Upgrading Your Lighting System

Thinking of Upgrading Halogen Bulbs?


How to upgrade your lighting system and at the same time, be a responsible motorist.

I am posting this to help guide those who are considering to upgrade their vehicle lighting setup.

Note: The test vehicle is a Honda Jazz GE 2008 using the same camera settings for all the images.

Stock and aftermarket bulbs

  • Lo output stock bulbs

  • Hi output stock bulbs

For the HI output you can see here that much of the output is concentrated further away from the vehicle and lighting in the immediate foreground is limited.

The first upgrade you can do is install an aftermarket high performance halogen bulbs BUT with stock wattage. For this test, I used a pair of Philips XP. Many users say that this is a very good halogen bulb. You can also use Osram Nightbreaker or Raybrig or even PIAA. Most of these bulbs will cost between 2k-5k.

  • Lo output, Philips XP bulbs

  • Hi output, Philips XP bulbs

You can see here that the Philips is more intense than the stock bulbs. The yellow tint is still there but it is more intense giving it a more whiter appearance. Philips claims that you should see 25 meters further with these bulbs.

  • Lo output, stock bulbs

  • Lo output, Philips XP bulbs

Another upgrade is to install hi power 90/100w bulbs but I dont have the lighting output for it since I don’t recommend it. You will need to install a hi watt wire harness for this setup with an additional cost of  1000 pesos. My reason for this is that I’ve worked with many headlights and after a few years there are visible burnt chrome coatings. Some swear it has not affected their headlights but the extra heat generated by the high power bulbs can affect the chrome coating of the reflector bowl. Once you burn this, you can’t re-coat it anymore. So it’s up to you if you want to use hi power bulbs. It’s a hit or miss situation as far as I am concerned. Most of these bulbs are not even legal in the U.S and E.C countries.

Plug and play HIDs

Many are going this route because of the higher output that an HID bulb can generate. An HID bulb has at least 2x more light output in lumens vs. a halogen bulb. Stock bulbs will generate around 1000 lumens while an HID bulb will output 3200 lumens.

A plug and play HID bulb is an HID bulb with a modified base so you can install it in your halogen headlight without any modification and that’s why it’s called plug and play.

  • HID bulbs, 4300k with lower shield

    The output is more intense in the middle as HID bulbs produce at least twice the output of halogen bulbs in lumens. The actual output is more yellow as this is a 4300k bulb.

  • HID bulbs, 4300k with lower shield
    @ 20 meters away on opposite lane.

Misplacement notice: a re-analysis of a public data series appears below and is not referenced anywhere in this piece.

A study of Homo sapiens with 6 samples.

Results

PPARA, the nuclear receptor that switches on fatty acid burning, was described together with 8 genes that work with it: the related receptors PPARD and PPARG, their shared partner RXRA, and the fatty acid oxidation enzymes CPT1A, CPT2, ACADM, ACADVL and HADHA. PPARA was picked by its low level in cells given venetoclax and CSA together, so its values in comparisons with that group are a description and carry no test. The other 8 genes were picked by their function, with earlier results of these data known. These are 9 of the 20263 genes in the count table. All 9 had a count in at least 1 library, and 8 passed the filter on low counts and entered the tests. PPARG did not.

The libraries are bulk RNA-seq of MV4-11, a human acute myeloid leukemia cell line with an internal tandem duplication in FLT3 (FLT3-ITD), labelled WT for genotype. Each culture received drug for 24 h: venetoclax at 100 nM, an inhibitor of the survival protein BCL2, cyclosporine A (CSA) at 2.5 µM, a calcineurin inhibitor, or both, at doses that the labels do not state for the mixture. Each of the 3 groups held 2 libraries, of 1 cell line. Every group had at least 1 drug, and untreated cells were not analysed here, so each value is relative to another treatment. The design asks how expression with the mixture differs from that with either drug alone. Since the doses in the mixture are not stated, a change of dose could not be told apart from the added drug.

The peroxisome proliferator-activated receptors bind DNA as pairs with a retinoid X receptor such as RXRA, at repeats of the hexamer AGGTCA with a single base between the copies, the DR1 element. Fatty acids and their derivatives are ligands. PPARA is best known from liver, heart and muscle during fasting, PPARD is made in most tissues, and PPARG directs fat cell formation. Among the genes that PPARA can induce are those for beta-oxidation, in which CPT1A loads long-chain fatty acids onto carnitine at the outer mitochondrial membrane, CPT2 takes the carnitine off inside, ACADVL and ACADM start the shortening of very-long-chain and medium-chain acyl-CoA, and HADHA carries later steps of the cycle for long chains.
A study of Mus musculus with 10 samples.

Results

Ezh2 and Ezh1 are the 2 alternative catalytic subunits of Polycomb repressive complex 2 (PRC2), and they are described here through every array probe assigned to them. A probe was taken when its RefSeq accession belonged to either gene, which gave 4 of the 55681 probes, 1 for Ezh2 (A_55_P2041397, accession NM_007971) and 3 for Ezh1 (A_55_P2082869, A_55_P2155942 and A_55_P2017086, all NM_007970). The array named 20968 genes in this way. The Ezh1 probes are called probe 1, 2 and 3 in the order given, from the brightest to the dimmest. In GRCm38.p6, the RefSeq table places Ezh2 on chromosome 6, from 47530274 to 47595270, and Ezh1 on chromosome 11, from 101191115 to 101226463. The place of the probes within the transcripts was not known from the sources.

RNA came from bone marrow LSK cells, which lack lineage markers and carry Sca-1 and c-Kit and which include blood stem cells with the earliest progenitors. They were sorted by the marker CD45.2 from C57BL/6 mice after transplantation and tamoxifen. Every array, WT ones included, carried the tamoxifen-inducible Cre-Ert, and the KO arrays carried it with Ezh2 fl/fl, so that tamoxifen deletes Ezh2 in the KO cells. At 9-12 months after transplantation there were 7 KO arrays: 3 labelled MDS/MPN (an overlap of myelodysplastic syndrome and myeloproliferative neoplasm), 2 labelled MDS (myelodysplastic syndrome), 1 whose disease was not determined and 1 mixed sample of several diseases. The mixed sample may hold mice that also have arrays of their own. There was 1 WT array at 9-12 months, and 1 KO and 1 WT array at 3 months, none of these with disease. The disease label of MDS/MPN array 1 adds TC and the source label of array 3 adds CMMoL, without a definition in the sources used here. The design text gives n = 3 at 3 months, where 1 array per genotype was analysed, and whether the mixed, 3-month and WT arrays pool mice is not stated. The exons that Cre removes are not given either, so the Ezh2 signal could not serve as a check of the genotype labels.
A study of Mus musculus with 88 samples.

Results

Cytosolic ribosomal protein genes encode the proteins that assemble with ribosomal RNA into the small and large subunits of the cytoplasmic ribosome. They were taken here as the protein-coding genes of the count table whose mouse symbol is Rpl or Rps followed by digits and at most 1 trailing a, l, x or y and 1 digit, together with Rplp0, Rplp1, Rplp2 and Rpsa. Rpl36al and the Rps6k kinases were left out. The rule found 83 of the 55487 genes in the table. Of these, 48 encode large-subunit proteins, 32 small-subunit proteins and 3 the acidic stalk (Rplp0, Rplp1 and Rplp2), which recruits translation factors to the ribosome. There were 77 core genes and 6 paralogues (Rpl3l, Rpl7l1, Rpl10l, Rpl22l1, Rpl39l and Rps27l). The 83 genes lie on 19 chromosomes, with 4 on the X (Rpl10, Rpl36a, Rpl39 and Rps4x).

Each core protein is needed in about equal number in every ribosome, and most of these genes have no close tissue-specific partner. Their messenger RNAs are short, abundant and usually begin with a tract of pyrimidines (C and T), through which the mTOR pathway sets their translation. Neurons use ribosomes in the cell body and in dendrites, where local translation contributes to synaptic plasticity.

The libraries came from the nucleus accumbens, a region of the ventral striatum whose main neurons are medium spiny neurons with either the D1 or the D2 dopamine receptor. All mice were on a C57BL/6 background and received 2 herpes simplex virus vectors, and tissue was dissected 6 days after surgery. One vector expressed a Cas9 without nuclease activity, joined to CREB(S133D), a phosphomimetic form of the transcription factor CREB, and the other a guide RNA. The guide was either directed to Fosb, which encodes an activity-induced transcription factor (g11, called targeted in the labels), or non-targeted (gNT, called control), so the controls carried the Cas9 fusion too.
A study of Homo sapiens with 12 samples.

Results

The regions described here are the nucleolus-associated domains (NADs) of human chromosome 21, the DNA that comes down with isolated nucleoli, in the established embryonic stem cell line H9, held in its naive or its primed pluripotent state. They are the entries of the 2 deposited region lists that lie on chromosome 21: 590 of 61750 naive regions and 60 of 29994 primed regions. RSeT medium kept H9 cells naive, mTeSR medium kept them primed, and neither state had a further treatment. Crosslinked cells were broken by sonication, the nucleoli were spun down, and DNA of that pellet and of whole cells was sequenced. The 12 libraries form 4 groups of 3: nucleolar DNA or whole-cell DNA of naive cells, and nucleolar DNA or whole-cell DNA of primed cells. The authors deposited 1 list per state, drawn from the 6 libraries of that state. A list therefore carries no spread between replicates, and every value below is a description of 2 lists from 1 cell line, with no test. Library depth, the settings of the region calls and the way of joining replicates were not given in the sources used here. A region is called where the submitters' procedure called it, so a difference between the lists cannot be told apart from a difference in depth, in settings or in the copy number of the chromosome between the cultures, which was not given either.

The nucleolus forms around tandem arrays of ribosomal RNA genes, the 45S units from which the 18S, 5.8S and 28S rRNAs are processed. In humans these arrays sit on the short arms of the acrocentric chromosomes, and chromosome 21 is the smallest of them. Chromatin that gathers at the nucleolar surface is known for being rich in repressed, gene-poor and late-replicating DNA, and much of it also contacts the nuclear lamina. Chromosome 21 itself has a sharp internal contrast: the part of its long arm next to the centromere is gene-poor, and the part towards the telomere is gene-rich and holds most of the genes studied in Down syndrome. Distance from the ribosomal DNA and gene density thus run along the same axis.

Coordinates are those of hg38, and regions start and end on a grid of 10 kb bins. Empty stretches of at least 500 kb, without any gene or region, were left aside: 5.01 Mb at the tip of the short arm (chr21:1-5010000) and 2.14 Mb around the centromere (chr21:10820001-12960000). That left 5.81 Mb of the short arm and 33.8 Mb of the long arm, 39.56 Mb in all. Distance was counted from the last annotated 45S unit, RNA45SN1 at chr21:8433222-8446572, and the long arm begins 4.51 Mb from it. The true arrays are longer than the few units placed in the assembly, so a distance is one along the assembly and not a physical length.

The biggest drawback of this setup is the glare that it produces.

The height of camera is approximately the same height as a driver seated on a vehicle on the opposite lane. As the bulbs produce much more light, a wider range of the surface area in the halogen reflector bowl that normally doesn’t get any lighting now is lit by the output of the HID bulbs which causes so much glare to other motorists. This can cause safety hazards which can blind incoming motorists.

Side by side with the normal halogen bulb and you can see the big difference in glare:

  • HID bulbs, 4300k with lower shield

  • Lo output stock bulbs

From the back you can also see the the amount of light scattering on top of the trees. Some headlights produce so much stray light that it can really affect the ability of other motorist to see the road.

  • HID bulbs, 4300k with lower shield

  • Lo output stock bulbs

The output of the HID bulb is not maximized in this setup and it causes glare to other motorists. This kind of setup is actually not legal in the U.S and many countries in the E.C. More and more HID sellers who don’t understand the science behind color will actually suggest that one use whiter bulbs to see better. This is far from the truth. The whiter the output of the bulb, the less light one actually sees on the road and details are washed out. At 6000k color temp, you already lose 20% of the light output in lumens. I’ve seen motorists even use 8000k bulbs and they wonder why they can’t see on black asphalt and specially if there is a downpour. The sweet spot is 4300k and all oem cars with standard hid lighting system use this color temp. There is a reason for that 🙂

HID on Projectors

  • Lo output, HID projector

  • Hi output, HID projector

Although the light output is intense, you can clearly see on the left side that you won’t glare other motorists when lighting is at LO.

The right picture is the HI output of the HID projector. This is the proper use of HIDs. You get maximum light without compromising the safety of other motorists. This is also a 4300k Philips 85122+ bulb which produces 3200 lumens/bulb.

Some local cars are equipped with this setup as standard lighting system like the CRV4x4, Montero SE 4×4, Pajero GLS , Subaru Legacy, Impreza, Toyota Camry, etc. It is also possible to install this setup on halogen headlights which are now called HID projector retrofit.

Base on these photos, you can upgrade your lighting setup within your budget and still be a responsible motorists.